Many women, in hopes of reducing their light bladder leaks, have turned to surgical treatment to help with their urinary incontinence. The most common being the vaginal sling surgery to help support the bladder. Although it is widely known that this surgery can lead to some serious complications, such as infection, exposed mesh, and chronic pain, there is another side-effect of the sling surgery – Bladder Outlet Obstruction (BOO). We’ll go over what exactly Bladder Outlet Obstruction is, the causes, how it’s diagnosed, and health complications that may arise if not treated.
What is Bladder Outlet Obstruction?
According to the Cleveland Clinic, BOO is best described as, “a blockage at the base or neck of the bladder. Such a blockage reduces or stops the flow of urine into the urethra, which carries urine from the body.” The bladder neck itself is the group of muscles that connects the bladder to the urethra. While BOO is actually more common in men than women, both genders can develop the problem. How do you know if you’re experiencing Bladder Outlet Obstruction?
Symptoms may include:
- Pain when passing urine.
- Trouble starting your urine stream.
- Feel like you have a full bladder but cannot empty completely.
- Feel like some urine remains in your bladder after voiding.
- Pass urine frequently during sleeping hours.
- Have pain in your abdomen.
- Have urine flow that starts and stops.
- Have a urinary stream that is slow.
- Void often with small urine volume.
If you feel that these symptoms are describing what you’re experiencing, talk to your doctor or health care professional about what to do.
These symptoms are fairly common among other urinary complications as well – UTIs, Overflow Incontinence, kidney infections, etc., but there are certain risk factors that could indicate that you have BOO over another kind of urinary problem. Men and women have different sets of risk factors. Men have a prostate, a small gland that produces fluid for semen, which also happens to wrap around the urethra. Some men develop conditions in which the prostate becomes so swollen that the flow of urine is completely restricted. In addition, men may develop BOO as a result of removing the prostate, either developing scar tissue around the urethra or as a side-effect of radiation treatment from prostate cancer.
Women may experience BOO as a result of a weakened vaginal wall that allows the bladder to drop into the vagina (yikes!) The weakening of the vaginal wall may be a result of old age, menopause, multiple births, or a particularly difficult delivery. As we mentioned before, women may also develop BOO as a side-effect of pelvic sling or vaginal sling surgery scarring the urethra.
Both men and women can develop Bladder Outlet Obstruction if diagnosed with bladder, cervical, uterine and other pelvic cancers. Bladder stones can also occur in both men and women and lead to BOO but are seen more often in men.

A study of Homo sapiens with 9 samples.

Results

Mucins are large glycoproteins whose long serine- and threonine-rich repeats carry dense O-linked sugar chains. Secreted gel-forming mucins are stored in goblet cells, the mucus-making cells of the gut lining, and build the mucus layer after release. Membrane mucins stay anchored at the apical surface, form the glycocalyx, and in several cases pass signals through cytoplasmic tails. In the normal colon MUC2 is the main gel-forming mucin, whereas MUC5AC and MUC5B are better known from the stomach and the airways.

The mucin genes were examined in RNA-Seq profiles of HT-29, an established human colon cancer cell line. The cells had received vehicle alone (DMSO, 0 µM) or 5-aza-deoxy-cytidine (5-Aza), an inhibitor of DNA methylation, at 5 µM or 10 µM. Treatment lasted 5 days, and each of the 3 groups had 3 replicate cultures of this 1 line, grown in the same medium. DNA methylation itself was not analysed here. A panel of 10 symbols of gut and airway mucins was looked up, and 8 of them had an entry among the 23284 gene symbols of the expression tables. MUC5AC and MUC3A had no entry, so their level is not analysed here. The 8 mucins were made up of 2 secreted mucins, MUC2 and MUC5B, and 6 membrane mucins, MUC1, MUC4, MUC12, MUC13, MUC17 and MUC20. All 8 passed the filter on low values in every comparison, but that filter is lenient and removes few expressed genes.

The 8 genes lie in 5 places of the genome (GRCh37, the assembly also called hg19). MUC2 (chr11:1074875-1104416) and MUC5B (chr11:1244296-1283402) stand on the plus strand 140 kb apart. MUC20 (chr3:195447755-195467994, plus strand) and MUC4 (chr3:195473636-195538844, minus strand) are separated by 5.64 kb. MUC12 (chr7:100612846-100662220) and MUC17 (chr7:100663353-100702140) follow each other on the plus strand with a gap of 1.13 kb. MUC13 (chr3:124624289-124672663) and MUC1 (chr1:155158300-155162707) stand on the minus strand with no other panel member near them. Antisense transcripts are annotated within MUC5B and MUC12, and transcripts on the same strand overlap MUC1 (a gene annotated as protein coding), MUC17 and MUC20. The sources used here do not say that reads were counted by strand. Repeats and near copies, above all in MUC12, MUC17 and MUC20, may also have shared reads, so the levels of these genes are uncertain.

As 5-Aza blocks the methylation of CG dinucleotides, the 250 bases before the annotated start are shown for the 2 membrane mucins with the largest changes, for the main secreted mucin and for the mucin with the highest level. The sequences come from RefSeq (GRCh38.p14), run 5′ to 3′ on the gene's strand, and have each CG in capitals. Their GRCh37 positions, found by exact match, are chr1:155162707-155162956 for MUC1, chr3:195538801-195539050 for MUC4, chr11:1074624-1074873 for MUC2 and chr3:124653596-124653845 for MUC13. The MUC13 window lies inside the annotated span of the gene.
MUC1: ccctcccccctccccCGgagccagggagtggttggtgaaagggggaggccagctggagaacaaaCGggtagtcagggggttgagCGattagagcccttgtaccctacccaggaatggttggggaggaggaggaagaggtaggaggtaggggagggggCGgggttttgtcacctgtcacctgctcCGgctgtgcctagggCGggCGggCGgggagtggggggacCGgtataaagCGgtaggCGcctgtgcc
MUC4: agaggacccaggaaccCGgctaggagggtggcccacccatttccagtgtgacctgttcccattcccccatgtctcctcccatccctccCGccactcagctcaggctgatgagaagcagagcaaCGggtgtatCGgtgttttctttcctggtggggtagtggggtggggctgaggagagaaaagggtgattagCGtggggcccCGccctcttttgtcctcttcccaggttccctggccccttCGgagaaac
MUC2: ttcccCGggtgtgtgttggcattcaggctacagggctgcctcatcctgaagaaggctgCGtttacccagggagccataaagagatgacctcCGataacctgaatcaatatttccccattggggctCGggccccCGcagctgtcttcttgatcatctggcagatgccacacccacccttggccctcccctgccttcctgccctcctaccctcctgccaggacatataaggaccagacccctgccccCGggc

As suggested before, if you’re experiencing symptoms of BOO – see your doctor. What may be a bladder obstruction that you’re brushing off as another UTI may actually be indicative of a deeper health issue or can lead to one if left untreated. To properly diagnose your symptoms, doctors have two ways of testing for BOO. The first being video urodynamics. According to Doncaster and Bassetlaw Hospitals this procedure can be described as, “the study of pressure and flow in the lower urinary tract. The test shows doctors what happens to your lower urinary tract when it is filling and emptying.” This is achieved by using an X-Ray or ultrasound of your bladder in real-time and a catheter to empty and fill the bladder with fluid.
Another way to diagnose BOO is through a procedure called a Cystoscopy, which uses a long thin tube with a camera on the end called a cystoscope to look in the urethra and bladder. This allows the doctor to see any possible obstructions. Both of these procedures should be done as soon as possible after experiencing symptoms, as untreated Bladder Outlet Obstruction may lead to further urinary health complications.
Other Health Concerns
With BOO, the most common health complication that arises is a weakened bladder, which can, in turn, lead to even more complications. This occurs if symptoms are not diagnosed and properly treated with either medication or a surgical procedure to alleviate them. A weakened bladder may lead to:
- urinary tract infections
- kidney damage
- bladder diverticula, which are bulging pouches that can form in the bladder
- long-term incontinence
Medications like prazosin or phenoxybenzamine may be used to help relax the bladder. Your doctor may recommend surgery for bladder neck obstruction that involves making an incision in your bladder neck.
Revive® is a new bladder support device designed for women suffering from Stress Urinary Incontinence (SUI), the accidental loss of urine when the bladder or urinary tract is put under pressure or stress. The device is inserted like a tampon to reduce leaks comfortably and effectively for up to 12 hours a day, and is easy to remove and clean for up to 30 uses! While Revive was not designed to help women or men that struggle with BOO, the reusable device may be a better alternative for women considering the pelvic mesh surgery, which may ultimately lead to Bladder Outlet Obstruction. Find Revive in a store near you with our store finder!